I wanted to start up a Twitter account just so I could yell at those clowns to get it right. Completely unacceptable that they fumble something as simple as this.
Tom Cruise has a movie sound production company that has some ties to his Scientology racket, and when he was defending his practice of forcing studios to employ them, he argued that sound is even more important than the image, that it affects human beings on a visceral level, and that you really notice it when it's done wrong. Now, I don't trust anything Tom Cruise says ever, but being subjected to this amateurish effort made his divagations more creditable.
Thank you Gary Bettman.
-- Bad giveaway by Nathan Beaulieu very early in the first when he lost the puck, which set up a scrambly desperate minute in our end, and I feared a social media meltdown if the Pens scored as a result. Nathan got some grief and a spell in Hamilton after a bad giveaway earlier this season. Good thing that nothing came of this one, and Max scored shortly thereafter to open the scoring.
The thing is, they are completely different plays. The last giveaway against these same Penguins was an error of obstinance, knowing what you're about to do is the wrong thing, what your coaches keep telling you not to do, to choose the easy, safe play instead, but you take the risky option anyway, and it comes back to bite you.
Tonight, the giveaway was a flub, a bobble of the puck. It's an error of execution, not a lack of effort or resistance to coaching or common sense. It's comparable to dinging your dad's car after he lends it to you. Sure it's frustrating, but these things are going to happen with young drivers. The previous game's giveaway, that was akin to your dad telling you you couldn't take the car, but you take it anyway and wreck it and alcohol and the police are involved. That one is harder to forgive.
-- Speaking of meltdowns, PenguinsInsideOut must have imploded at the announcement that offensively-gifted young defenceman Derrick Pouliot was a healthy scratch. Michel Therrien is evidently out to ruin him, even a decade after leaving Pittsburgh.
-- A little surprising that Chris Kunitz, who was kind of jammed into the Team Canada forwards corps for the 2014 Olympics, against the healthy skepticism of Canadian fans, due to his being putatively irreplaceable on Sidney Crosby's wing, is now on a third line for the Pens. What happens in 2018, now Steve Downie has to be on Team Canada?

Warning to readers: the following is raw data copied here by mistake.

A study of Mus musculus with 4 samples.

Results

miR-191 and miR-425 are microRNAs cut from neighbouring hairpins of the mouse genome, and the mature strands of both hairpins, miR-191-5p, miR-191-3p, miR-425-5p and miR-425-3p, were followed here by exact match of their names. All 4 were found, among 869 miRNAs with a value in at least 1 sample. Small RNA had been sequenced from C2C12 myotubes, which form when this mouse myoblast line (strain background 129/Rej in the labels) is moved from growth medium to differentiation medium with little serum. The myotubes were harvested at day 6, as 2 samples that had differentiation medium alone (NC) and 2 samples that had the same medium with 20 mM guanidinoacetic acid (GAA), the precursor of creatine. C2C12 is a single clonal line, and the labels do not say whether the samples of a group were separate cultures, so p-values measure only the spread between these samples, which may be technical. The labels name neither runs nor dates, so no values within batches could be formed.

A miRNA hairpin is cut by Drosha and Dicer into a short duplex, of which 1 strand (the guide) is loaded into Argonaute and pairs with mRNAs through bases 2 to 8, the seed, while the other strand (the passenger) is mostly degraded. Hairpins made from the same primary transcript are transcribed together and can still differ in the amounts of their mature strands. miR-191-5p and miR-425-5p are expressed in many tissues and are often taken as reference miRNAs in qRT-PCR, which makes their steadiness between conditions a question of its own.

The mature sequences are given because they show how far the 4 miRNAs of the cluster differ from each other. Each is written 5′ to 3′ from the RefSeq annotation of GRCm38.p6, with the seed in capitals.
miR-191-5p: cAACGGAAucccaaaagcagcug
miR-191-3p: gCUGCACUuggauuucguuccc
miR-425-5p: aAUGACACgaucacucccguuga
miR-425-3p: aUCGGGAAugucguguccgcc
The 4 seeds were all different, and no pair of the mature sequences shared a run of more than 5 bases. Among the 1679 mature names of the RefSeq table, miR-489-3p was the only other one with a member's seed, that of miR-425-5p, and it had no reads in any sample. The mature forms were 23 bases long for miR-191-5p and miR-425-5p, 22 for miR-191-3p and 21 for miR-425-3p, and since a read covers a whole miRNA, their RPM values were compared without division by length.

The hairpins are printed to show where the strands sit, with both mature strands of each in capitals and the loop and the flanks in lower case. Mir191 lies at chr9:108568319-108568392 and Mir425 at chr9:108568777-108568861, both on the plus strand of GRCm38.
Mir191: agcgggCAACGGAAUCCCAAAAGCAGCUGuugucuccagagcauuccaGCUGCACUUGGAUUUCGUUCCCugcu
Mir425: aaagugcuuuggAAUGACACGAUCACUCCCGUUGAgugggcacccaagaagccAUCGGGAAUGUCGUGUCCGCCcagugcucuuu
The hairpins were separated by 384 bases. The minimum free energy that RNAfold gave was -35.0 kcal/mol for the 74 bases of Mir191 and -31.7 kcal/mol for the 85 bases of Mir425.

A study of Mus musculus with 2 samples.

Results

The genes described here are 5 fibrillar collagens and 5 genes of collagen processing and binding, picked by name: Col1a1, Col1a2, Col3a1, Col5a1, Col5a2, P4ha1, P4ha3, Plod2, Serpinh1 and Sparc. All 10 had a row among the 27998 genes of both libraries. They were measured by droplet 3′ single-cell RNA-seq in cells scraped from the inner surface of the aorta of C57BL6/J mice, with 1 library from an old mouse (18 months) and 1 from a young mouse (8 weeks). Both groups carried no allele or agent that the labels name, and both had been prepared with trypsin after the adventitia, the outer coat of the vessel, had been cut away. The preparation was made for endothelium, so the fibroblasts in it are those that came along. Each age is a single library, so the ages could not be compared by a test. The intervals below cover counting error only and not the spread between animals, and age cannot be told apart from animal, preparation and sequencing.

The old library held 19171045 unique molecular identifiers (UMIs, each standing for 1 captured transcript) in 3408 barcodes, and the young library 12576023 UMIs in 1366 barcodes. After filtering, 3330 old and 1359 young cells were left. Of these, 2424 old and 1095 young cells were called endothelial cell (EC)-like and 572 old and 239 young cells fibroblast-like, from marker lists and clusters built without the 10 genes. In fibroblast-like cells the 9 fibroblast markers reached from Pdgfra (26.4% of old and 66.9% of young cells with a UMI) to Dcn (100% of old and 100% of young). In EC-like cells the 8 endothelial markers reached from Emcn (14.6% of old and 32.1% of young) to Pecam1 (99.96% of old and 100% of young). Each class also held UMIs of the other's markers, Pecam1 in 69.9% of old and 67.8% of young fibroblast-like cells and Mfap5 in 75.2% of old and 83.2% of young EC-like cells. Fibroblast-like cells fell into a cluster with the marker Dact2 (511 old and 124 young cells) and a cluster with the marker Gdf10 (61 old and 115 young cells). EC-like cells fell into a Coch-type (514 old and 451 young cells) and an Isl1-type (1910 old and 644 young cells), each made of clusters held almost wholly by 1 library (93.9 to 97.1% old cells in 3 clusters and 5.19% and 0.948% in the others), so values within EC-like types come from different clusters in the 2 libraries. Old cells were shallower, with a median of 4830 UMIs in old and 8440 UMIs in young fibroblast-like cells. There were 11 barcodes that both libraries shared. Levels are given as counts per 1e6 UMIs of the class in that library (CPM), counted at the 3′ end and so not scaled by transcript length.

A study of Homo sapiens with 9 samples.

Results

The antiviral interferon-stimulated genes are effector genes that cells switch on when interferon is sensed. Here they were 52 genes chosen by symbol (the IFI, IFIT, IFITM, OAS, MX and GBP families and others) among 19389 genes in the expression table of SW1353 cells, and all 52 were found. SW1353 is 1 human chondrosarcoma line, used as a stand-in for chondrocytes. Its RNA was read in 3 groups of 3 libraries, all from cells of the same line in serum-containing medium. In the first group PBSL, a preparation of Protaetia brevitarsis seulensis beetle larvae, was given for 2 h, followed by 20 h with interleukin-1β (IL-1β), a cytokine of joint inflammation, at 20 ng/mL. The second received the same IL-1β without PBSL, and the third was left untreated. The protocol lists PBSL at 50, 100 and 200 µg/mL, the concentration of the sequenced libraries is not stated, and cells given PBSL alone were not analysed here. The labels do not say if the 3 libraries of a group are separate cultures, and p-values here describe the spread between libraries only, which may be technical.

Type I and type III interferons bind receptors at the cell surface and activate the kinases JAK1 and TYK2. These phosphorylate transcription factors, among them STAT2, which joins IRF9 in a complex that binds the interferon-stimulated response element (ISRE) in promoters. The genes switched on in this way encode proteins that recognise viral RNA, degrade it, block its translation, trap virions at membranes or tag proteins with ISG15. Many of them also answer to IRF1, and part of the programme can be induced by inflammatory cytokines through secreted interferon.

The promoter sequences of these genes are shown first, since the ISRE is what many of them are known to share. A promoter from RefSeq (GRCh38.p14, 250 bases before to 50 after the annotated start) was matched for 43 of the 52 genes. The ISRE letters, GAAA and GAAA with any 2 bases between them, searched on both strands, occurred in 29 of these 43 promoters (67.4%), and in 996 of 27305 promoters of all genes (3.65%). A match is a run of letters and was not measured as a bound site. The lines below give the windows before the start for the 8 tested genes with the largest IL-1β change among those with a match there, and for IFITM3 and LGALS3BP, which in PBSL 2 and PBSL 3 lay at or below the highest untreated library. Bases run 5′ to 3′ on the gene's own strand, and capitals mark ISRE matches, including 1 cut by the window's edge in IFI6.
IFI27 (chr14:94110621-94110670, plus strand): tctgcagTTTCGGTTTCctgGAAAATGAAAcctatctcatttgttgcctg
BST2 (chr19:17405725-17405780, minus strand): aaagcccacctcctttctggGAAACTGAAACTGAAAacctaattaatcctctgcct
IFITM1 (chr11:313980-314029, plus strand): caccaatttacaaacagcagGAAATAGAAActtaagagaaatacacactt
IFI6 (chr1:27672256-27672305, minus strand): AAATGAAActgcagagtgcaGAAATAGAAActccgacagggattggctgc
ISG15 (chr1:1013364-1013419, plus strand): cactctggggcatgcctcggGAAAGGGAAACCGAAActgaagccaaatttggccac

-- Speaking of giveaways, Sergei Gonchar tried to get cute and do a pass through the middle too in the first period, instead of hammering it off the boards on his backhand. Sure enough, it ticked right to Evgeni Malkin, who passed to Brian Rust and forced Carey Price into making a strong glove save. Sergei banged his stick on the ice after the play, knowing he'd done wrong. But he's a decorated veteran, and that's where the scrutiny ends, really.
-- Aside from his half-hearted drive-by and skate-away spearing of Steve Downie, P.K. played a strong game, especially in his own zone, breaking up rushes, notably on Kris Letang with a great pokecheck.
-- I forget what a profound cretin Steve Downie is. He fights Andrei Markov to the net, with Andrei having the inside track on him and trying to push him away from the crease. Mr. Downie gets real low and resists and barrels into Carey Price, long after the puck was frozen and the whistle sounded. When he gets called for a goalie interference, he swears and tantrums to the penalty box, where he punches the glass with his bare fist.
-- Mike Johnson of Sportsnet had some questionable opinions during the telecast. While he termed the above-mentioned penalty against Steve Downie questionable when it was really cut and dried, he advocated for a penalty against Brendan Gallagher on the play that Max Pacioretty scored the game's first goal. He repeated a few times that Gally was in the blue paint, whereas his own network's camera shots clearly showed that his skates remained outside the whole time. Only in the overhead camera shot did it seem like he was in, because he banked inside on his turn.
Conversely, Nick Kypreos and Kelly Hrudey had some praise for the Canadiens' system and how much the players bought in and hustled and played a five-man defence, in stark contrast to the preceding segment where Nick Kypreos skewered the Leaf's Phil Kessel without really having to say too much, instead just by rolling video of his loafing during the previous game against the Wild.
-- Without Travis Moen or Mathieu Darche chugging along, or René Bourque drifting, man are the Canadiens fast in the forwards. They backcheck and cause turnovers and they're off in the other direction instantly, it's great to see.
-- We've often said that Alexei Emelin was younger and played more physically than Josh Gorges, and had more offensive skill, although the latter didn't quite show up on the scoresheet. You saw flashes of his ability with the puck, but it didn't quite click, we were still waiting.
On his goal to seal the win, Alexei took the time to get closer to the net and for his forwards to get in position to block Marc-André Fleury's vision, before he let a rocket go that found the top corner. Often Alexei will let go a quick wrister that will create a rebound, or at least an opportunity, but here he made the most of this occasion.
-- And can we put to rest the notion that Michaël Bournival has no offence, and is just a new version of Tom Pyatt? He's a heady player, has speed to burn, and that adds up to trouble for defences. He didn't pick up a point tonight after his two-goal effort yesterday, but played well with Lars Eller and Jiri Sekac in the third period, and his forecheck helped create Alexei Emelin's goal.
-- Five road games, five wins, not too shabby. If only these clueless coaches of ours were replaced with other coaches + translators, our team would surely march to the Cup.